Laid off coal miners in Harlan County, Kentucky, took to the train tracks this week to protest over money they’re owed from the bankrupt coal company Blackjewel, LLC. Despite the layoffs, miners were still owed wages from weeks of work earlier this summer, only to find their final paychecks bounce.
When a group of six miners learned that coal they believed they mined was being loaded on a train and hauled out of the county, they decided to take a stand. The small group blocked the train from leaving the mine by camping out on the train tracks at an intersection nearby, announcing they would leave when they were paid the back wages they had already earned.
“We saw they were going to pull the coal out and I guess that struck a nerve with us,” said John Curtis Cress, a former Blackjewel coal miner. “Someone is going to make money from that and we’ve still not been paid for mining that coal. So, we stopped it.”
The act of standing in front of a train in-protest is a visceral image and one that, as a documentarian, I couldn’t ignore. So, I drove three hours from Charleston, West Virginia, down to Harlan County to capture images of the miners who are blocking a train with just their bodies and the principle of standing up for what’s right.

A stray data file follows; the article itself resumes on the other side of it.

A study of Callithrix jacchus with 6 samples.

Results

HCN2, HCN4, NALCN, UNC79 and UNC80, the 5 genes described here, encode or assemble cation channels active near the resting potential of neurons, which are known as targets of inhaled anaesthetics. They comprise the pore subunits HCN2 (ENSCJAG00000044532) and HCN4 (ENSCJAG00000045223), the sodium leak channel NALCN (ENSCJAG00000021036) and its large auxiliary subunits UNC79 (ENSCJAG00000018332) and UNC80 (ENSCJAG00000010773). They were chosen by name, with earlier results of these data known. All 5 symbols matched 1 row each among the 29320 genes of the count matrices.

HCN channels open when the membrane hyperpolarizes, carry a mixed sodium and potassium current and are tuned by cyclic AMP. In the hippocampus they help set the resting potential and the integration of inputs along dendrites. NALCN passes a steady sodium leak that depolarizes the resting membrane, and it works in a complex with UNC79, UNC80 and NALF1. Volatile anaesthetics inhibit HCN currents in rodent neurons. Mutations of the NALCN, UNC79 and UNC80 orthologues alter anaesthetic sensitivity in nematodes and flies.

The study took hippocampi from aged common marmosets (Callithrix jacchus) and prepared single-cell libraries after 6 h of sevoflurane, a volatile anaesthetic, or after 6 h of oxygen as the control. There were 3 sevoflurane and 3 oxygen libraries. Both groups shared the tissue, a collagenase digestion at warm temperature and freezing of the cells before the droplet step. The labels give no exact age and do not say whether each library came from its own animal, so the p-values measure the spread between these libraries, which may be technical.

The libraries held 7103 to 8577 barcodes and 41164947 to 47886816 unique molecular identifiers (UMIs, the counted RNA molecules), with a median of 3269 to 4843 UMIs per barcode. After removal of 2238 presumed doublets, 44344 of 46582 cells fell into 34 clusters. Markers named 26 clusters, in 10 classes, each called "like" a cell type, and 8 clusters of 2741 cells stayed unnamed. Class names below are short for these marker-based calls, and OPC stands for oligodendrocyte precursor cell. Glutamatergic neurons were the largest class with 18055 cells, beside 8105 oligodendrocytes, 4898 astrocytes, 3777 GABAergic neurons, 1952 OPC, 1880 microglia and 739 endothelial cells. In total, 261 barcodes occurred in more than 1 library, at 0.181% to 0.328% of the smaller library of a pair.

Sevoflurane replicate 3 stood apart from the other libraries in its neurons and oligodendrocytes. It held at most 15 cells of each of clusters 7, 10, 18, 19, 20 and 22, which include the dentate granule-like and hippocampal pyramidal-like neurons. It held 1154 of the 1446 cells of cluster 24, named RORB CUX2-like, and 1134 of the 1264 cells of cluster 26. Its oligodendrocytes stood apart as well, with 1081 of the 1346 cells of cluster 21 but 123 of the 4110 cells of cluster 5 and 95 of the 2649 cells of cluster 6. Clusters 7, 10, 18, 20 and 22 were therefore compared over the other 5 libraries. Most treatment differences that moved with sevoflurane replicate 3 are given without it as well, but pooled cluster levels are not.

Holding his young baby in one hand and standing in the middle of the train tracks, laid off miner Cameron Cornett put the protest in simple terms: “I just want the money that I’ve already worked for and they took back from me and my family.”
Austin Watts, one of the original six miners who first stood in front of the departing train, said that the company owes him close to $7,000 in wages, but believes other miners are owed more than $10,000, money that each miner was counting on to provide for their families, make house and car payments and plan for a now uncertain future.
While the small protest started with just six miners on Monday morning, by Wednesday when I arrived, it had become a community affair. Dozens of other miners and families joined the protest, while community members showed their support with food, water, drinks and tents for protection against the blistering late summer heat. A cornhole game was set up on the tracks, musicians provided entertainment with songs and fires were started at night for marshmallow roasting.
“It’s the greatest feeling in the world to have so many come out and show us their love and respect,” miner Jerod Blevins said. “We’re just out here supporting our family, supporting our kids. This brotherhood we have– this is what we’re out here for and why we’re holding up the coal.”
Curren Sheldon is an Emmy-winning and Oscar-nominated filmmaker and photographer from Charleston, W.Va. He is the director of photography and producer of two Netflix Original Documentaries, “Heroin(e)” and “Recovery Boys.” His work has been commissioned by The New York Times, Orion Magazine, The Bitter Southerner, and Mashable among others. He isn’t on social media so you can find him at www.currensheldon.com.